Three years ago, the world shut down. 

What had been a remote news story about a strange virus in a faraway country swept across the globe and came crashing onto our own shores seemingly overnight. Those days were the “unprecedented times,” the plot twist none of us saw coming. 

“We’re all in this together!” was a resounding but hollow refrain because, in fact, we were very much not in it together. Isolation was the only way to slow the spread of the virus. We were all in it alone, confined to our houses with only immediate family or roommates, arguing online about lockdowns and masks and toilet paper shortages.  

In hindsight, it’s clear we were all disoriented. And we were in grief – bereft of plans and normalcy and security. Many lost loved ones who died in overrun hospitals without the comforting presence of family members. Funerals were foregone as large gatherings were prohibited. Our most sacred traditions were constrained to the exhausting pixelation of Zoom. Life became virtual.

COVID rolled into my life at a time when I was already in the haze of grief. The impossible, unprecedented, unthinkable catastrophe had already happened to me. My only sibling had died unexpectedly the year before after a bad bout of the flu.In the aftermath of her death, as I helped support my parents and care for her two young children, I had two miscarriages. 

In the months after her death, I struggled to process my losses. I drove the winding roads between her home in East Tennessee and mine in Western North Carolina, but I was getting nowhere. 

Just before the COVID lockdowns, I came across an article about strange, historic grief rituals from around the world. I learned about Irish keening (or wailing), covering mirrors, stopping clocks and tolling the bell. The article piqued my curiosity, and so I dug deeper, reading any book I could get my hands on about bereavement practices. 

This is when I discovered that Appalachia – both its past and its present – has something unique to offer the world when it comes to grief.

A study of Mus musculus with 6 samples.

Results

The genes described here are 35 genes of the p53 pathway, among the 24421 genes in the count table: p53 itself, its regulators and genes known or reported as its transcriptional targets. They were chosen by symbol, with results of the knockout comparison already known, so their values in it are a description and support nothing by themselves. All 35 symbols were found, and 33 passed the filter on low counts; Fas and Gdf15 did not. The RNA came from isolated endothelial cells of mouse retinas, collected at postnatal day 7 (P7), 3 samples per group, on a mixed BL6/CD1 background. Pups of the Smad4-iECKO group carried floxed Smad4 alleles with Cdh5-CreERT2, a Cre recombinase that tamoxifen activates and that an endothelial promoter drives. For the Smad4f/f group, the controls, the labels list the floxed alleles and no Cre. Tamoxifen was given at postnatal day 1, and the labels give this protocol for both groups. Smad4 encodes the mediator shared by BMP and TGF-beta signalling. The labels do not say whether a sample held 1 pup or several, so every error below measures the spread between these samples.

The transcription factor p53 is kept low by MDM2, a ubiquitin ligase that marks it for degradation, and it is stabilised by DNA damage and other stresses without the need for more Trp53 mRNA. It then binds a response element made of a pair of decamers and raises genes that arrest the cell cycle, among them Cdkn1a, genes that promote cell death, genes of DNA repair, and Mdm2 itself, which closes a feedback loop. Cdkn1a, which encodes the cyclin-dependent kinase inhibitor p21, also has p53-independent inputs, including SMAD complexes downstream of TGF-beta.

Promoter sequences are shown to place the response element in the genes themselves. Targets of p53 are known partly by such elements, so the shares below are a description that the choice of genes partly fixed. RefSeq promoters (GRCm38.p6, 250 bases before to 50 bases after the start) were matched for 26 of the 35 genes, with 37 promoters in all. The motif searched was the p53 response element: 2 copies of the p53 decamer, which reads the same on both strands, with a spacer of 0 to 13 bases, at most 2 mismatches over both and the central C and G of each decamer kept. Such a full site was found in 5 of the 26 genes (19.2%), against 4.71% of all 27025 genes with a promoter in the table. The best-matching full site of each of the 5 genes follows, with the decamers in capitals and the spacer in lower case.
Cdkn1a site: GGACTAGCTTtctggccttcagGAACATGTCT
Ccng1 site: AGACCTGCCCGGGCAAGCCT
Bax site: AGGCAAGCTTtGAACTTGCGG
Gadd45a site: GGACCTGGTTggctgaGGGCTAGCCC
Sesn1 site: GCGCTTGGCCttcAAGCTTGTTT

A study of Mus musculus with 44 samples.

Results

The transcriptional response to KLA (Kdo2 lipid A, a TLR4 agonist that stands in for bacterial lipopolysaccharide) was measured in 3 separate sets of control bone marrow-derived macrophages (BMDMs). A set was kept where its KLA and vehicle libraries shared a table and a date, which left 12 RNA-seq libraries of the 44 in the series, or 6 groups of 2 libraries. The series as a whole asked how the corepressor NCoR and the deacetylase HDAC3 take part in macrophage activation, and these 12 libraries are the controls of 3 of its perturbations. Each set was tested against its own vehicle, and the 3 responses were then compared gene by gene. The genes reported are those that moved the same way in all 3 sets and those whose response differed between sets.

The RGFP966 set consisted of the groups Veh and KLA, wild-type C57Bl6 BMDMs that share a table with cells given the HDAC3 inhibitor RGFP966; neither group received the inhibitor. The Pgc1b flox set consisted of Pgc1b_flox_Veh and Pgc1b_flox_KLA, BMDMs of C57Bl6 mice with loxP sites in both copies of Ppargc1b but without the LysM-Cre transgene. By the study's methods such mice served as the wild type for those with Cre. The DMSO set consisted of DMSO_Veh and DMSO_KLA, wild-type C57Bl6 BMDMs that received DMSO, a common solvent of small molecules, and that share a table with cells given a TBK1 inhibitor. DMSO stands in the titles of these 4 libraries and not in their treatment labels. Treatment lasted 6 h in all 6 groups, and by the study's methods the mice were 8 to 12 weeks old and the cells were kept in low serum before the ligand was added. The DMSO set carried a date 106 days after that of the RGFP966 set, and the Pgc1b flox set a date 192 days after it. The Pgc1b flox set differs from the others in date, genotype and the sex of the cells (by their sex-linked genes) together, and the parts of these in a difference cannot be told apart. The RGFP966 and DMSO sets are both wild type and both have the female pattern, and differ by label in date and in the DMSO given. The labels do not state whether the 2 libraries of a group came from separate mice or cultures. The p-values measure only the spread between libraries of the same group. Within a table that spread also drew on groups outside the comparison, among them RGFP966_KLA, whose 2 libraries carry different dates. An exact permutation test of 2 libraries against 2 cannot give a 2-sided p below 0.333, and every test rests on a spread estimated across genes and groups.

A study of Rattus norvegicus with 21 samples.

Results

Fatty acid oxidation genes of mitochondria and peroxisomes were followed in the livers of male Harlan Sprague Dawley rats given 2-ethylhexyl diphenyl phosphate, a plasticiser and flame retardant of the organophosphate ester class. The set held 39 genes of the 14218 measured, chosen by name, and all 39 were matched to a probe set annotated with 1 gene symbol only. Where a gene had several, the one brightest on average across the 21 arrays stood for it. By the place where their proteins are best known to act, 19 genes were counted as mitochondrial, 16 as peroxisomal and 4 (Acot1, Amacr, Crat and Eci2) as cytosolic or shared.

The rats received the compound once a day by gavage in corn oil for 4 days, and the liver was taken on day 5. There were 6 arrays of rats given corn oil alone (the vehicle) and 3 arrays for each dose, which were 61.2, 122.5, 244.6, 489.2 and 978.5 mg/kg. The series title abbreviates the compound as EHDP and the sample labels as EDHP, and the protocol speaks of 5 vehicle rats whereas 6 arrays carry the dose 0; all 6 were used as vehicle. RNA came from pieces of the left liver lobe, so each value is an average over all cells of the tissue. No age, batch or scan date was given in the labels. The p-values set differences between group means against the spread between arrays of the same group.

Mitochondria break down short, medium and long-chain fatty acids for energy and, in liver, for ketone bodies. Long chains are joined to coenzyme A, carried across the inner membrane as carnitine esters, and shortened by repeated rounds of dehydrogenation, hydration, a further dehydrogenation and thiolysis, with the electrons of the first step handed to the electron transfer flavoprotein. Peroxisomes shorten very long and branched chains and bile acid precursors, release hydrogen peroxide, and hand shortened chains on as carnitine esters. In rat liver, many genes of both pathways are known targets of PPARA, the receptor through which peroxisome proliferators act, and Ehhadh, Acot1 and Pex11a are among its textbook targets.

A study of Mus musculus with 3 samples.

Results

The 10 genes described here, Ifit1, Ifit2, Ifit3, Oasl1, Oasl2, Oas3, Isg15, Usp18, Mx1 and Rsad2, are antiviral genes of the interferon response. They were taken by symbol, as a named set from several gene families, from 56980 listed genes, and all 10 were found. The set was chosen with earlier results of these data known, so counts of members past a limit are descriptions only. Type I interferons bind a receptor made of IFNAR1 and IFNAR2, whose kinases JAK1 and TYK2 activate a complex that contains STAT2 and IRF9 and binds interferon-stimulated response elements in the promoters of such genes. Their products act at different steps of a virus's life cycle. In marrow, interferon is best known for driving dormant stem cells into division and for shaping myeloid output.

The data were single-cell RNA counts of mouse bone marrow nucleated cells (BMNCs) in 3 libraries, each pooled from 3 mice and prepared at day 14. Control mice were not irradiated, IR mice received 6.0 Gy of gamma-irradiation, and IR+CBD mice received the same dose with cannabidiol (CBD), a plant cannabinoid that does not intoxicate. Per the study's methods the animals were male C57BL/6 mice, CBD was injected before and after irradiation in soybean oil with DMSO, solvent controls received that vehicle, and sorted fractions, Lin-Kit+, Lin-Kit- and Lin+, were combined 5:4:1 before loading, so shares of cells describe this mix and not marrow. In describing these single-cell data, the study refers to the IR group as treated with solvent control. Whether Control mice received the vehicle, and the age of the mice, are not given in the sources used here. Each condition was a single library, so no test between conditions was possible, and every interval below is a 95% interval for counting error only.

America is a society that is slowly losing its rituals. As cultures amalgamate, modernization intensifies and religious participation declines, we’ve forgotten the ancient ways that often accompanied life’s most revered rites of passages: birth, coming of age, marriage and death. 

Sickness is handled by health care professionals in sterilized hospitals, and death has been outsourced to halcyon funeral homes. Morticians manage our mortality. We rush through our mourning and seek to palliate our pain.

But the truth is, you can’t outsource grief.

There’s something sacred about these forgotten, strange superstitions surrounding death – whether it’s donning black, playing games at an all-night wake, or telling the bees of a death, as was customary in the 18th and 19th  centuries. These acts set our body in motion when death threatens to rob us of our agency. They serve as a script for both the bereaved and those offering condolences. When we don’t know what to say or do, they give us the next right step. Rituals act as a vessel to hold our pain.They help us absorb the reality of our loss.

Even as so many of these practices died out elsewhere, they persisted in Appalachia. The mountains acted as a geographic barrier to change. Many people bemoan this isolation, but I celebrate it insofar as it protected cherished traditions and preserved the strong bonds of local communities. 

Morticians and undertakers were scarce in the backcountry, so the care of the dead long remained the solemn responsibility of family and friends. Because telephones were late in arriving to Appalachia, tolling bells continued to resound as a somber, echoing announcement of loss.

Decoration Day is still practiced in these hills and hollers, though it too is slowly dying out. Annually, Appalachian kin and community gather at small family graveyards to clean headstones and decorate graves with bright flowers. Songs are sung, stories of lost loved ones are shared, prayers are raised, and food is enjoyed. 

In communing with the dead, we commune with the living. We look our loved ones in the eye and remind each other that we are not alone.

The truth is our social isolation was not simply brought on by COVID. It is an ongoing outgrowth of our increased individualism, our misguided value of autonomy. Appalachia, by nature, bucks against this, its geography hemming us in, stitching our lives into the lives of our neighbors and kin.

Perhaps the lesson here is that when things are unprecedented, what we need more than anything is precedence. Our ancestors whisper a better way, a slower more embodied way. Old-time cultures, though some may call them primitive, offer a path of comfort. 

We need to be hemmed in, to acknowledge our need for one another, our need for something time-tested, ancient and true. 

COVID taught us that when life becomes virtual, we need something tangible, incarnate, breathing.  We need to recover our rituals, and in doing so, recover both our heartache and our healing.

Amanda Held Opelt is the author of A Hole in the World: Finding Hope in Rituals of Grief and Healing and the forthcoming Holy Unhappiness: God, Goodness, and the Myth of the Blessed Life. She writes about faith, grief, rituals and life in Southern Appalachia. She lives with her husband and two daughters in Boone, North Carolina.